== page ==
6.1 Aerosol, cloud and trace gas observations derived from airborne hyperspectral radiance and direct beam measurements in recent field campaigns

Wednesday, 9 July 2014: 10:30 AM
Essex North (Westin Copley Place)
Jens Redemann, NASA, Moffett Field, CA; and C. Flynn, Y. Shinozuka, M. Kacenelenbogen, M. Segal-Rosenheimer, S. E. LeBlanc, P. B. Russell, J. Livingston, B. Schmid, S. Dunagan, and R. Johnson

The AERONET (AErosol RObotic NETwork) ground-based suite of sunphotometers provides measurements of spectral aerosol optical depth (AOD), precipitable water and spectral sky radiance, which can be inverted to retrieve aerosol microphysical properties that are critical to assessments of aerosol-climate interactions. Because of data quality criteria and sampling constraints, there are significant limitations to the temporal and spatial coverage of AERONET data and their representativeness for global aerosol conditions.

The 4STAR (Spectrometer for Sky-Scanning, Sun-Tracking Atmospheric Research) instrument, jointly developed by NASA Ames and PNNL with NASA Goddard collaboration, combines airborne sun tracking and AERONET-like sky scanning with spectroscopic detection. Being an airborne instrument, 4STAR has the potential to fill gaps in the AERONET data set. Dunagan et al. [2013] present results establishing the performance of the instrument, along with calibration, engineering flight test, and preliminary scientific field data.

The 4STAR instrument operated successfully in the SEAC4RS [Studies of Emissions and Atmospheric Composition, Clouds and Climate Coupling by Regional Surveys] experiment in Aug./Sep. 2013 aboard the NASA DC-8 and in the DoE [Department of Energy]-sponsored TCAP [Two Column Aerosol Project, July 2012 & Feb. 2013] experiment aboard the DoE G-1 aircraft (Shinozuka et al., 2013), and acquired a wealth of data in support of mission objectives on all SEAC4RS and TCAP research flights. 4STAR provided direct beam measurements of hyperspectral AOD, columnar trace gas retrievals (H2O, O3, NO2; Segal-Rosenheimer et al., 2014), and the first ever airborne hyperspectral sky radiance scans, which can be inverted to yield the same products as AERONET ground-based observations. In addition, 4STAR measured zenith radiances underneath cloud decks for retrievals of cloud optical depth and effective diameter.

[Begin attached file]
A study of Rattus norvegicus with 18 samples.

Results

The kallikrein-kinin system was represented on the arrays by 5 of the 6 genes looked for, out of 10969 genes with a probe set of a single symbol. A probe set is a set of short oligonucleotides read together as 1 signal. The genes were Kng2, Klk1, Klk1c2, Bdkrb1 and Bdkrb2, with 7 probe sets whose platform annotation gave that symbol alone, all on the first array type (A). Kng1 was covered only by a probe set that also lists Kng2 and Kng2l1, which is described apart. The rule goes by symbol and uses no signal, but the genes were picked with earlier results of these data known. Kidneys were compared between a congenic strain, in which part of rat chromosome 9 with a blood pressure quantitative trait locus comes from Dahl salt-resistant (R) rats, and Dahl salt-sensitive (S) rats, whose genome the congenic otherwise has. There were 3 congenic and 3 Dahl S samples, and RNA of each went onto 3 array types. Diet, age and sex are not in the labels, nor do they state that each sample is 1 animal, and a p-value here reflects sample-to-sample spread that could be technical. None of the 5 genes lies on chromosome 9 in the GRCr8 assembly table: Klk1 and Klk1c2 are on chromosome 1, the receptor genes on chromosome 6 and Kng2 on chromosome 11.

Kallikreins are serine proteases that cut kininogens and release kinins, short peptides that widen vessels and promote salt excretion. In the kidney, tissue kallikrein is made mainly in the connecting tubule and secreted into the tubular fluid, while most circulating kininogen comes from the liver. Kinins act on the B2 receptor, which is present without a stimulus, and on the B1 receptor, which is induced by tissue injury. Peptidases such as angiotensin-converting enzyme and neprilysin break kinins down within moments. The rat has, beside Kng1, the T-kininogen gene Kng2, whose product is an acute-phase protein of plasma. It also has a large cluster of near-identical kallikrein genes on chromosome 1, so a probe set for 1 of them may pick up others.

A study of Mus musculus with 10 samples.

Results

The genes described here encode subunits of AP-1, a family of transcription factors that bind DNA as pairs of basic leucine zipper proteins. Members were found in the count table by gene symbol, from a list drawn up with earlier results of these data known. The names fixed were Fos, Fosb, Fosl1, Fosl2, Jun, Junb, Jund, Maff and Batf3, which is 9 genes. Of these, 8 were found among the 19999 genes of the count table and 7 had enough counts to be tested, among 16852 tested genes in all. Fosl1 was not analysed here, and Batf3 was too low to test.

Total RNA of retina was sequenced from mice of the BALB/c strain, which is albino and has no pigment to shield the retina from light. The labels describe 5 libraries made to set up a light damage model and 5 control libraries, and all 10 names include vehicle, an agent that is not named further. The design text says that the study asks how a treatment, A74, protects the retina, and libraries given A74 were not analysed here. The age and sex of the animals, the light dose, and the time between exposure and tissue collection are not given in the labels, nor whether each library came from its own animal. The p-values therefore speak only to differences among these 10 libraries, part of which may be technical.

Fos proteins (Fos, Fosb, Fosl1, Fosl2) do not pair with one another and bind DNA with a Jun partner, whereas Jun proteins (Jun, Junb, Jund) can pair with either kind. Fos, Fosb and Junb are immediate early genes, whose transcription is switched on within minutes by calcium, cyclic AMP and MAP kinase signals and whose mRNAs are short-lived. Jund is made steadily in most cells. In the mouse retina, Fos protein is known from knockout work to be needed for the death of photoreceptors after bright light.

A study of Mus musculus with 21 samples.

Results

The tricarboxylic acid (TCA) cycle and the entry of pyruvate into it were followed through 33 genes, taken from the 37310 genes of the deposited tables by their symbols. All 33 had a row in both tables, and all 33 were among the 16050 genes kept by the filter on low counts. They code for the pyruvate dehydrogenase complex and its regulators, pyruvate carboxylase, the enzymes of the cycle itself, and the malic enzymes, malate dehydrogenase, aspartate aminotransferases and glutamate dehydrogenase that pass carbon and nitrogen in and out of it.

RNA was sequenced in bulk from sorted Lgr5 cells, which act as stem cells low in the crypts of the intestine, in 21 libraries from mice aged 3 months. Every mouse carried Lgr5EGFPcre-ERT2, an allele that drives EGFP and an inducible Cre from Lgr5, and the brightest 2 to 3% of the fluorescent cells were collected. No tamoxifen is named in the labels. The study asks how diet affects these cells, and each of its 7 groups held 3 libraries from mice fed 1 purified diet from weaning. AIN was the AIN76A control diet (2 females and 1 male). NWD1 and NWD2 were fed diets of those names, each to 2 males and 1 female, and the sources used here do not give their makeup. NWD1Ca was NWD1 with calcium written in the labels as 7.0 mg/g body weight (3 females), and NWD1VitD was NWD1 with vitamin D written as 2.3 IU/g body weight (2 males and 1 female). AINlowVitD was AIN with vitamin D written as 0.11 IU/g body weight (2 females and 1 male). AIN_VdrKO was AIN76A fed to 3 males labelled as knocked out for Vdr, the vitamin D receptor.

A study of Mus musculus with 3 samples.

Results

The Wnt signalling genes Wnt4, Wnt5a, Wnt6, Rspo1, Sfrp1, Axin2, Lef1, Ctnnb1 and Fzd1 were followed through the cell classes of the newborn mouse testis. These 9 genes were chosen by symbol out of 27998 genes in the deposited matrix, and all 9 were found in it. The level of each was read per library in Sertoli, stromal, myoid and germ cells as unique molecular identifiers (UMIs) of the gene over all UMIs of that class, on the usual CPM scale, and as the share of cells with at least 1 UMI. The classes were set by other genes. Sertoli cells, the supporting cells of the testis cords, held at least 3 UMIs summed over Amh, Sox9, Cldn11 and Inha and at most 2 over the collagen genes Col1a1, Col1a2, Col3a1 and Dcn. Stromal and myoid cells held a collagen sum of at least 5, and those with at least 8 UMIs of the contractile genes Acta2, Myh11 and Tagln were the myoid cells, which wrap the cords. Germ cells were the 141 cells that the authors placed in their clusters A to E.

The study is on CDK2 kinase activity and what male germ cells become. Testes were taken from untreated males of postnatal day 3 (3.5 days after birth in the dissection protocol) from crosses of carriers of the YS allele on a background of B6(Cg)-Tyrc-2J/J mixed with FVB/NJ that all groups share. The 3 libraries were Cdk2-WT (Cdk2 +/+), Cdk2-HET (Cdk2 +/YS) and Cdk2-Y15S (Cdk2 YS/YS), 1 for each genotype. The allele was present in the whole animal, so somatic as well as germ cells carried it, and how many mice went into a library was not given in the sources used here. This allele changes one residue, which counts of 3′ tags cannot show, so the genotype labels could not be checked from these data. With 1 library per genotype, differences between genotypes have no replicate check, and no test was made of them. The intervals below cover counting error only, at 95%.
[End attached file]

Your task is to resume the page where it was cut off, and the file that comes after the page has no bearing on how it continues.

In this presentation, we provide an overview of the new 4STAR capabilities for airborne field campaigns, with an emphasis on comparisons between 4STAR and AERONET sky radiances, and retrievals of aerosol microphysical properties based on sky radiance measurements, column trace gas amounts from spectral direct beam measurements and cloud property retrievals from zenith mode observations for a few select case studies in the SEAC4RS and TCAP experiments. We summarize the aerosol, trace gas, cloud and airmass characterization studies made possible by the combined 4STAR direct beam, and sky/zenith radiance observations.

References Dunagan S., et al. (2013), 4STAR Spectrometer for Sky-Scanning Sun-Tracking Atmospheric Research: Instrument Technology, Remote Sens. 2013, 5, 3872-3895; doi:10.3390/rs5083872. Segal-Rosenheimer, M., et al. (2014),Tracking elevated pollution layers with a newly developed hyperspectral Sun/Sky spectrometer (4STAR): Results from the TCAP 2012 and 2013 campaigns, J. Geophys. Res. Atmos., 119, doi:10.1002/2013JD020884. Shinozuka, Y., et al. (2013), Hyperspectral aerosol optical depths from TCAP flights, Journal of Geophysical Research: Atmospheres, 2013JD020596, doi:10.1002/2013JD020596.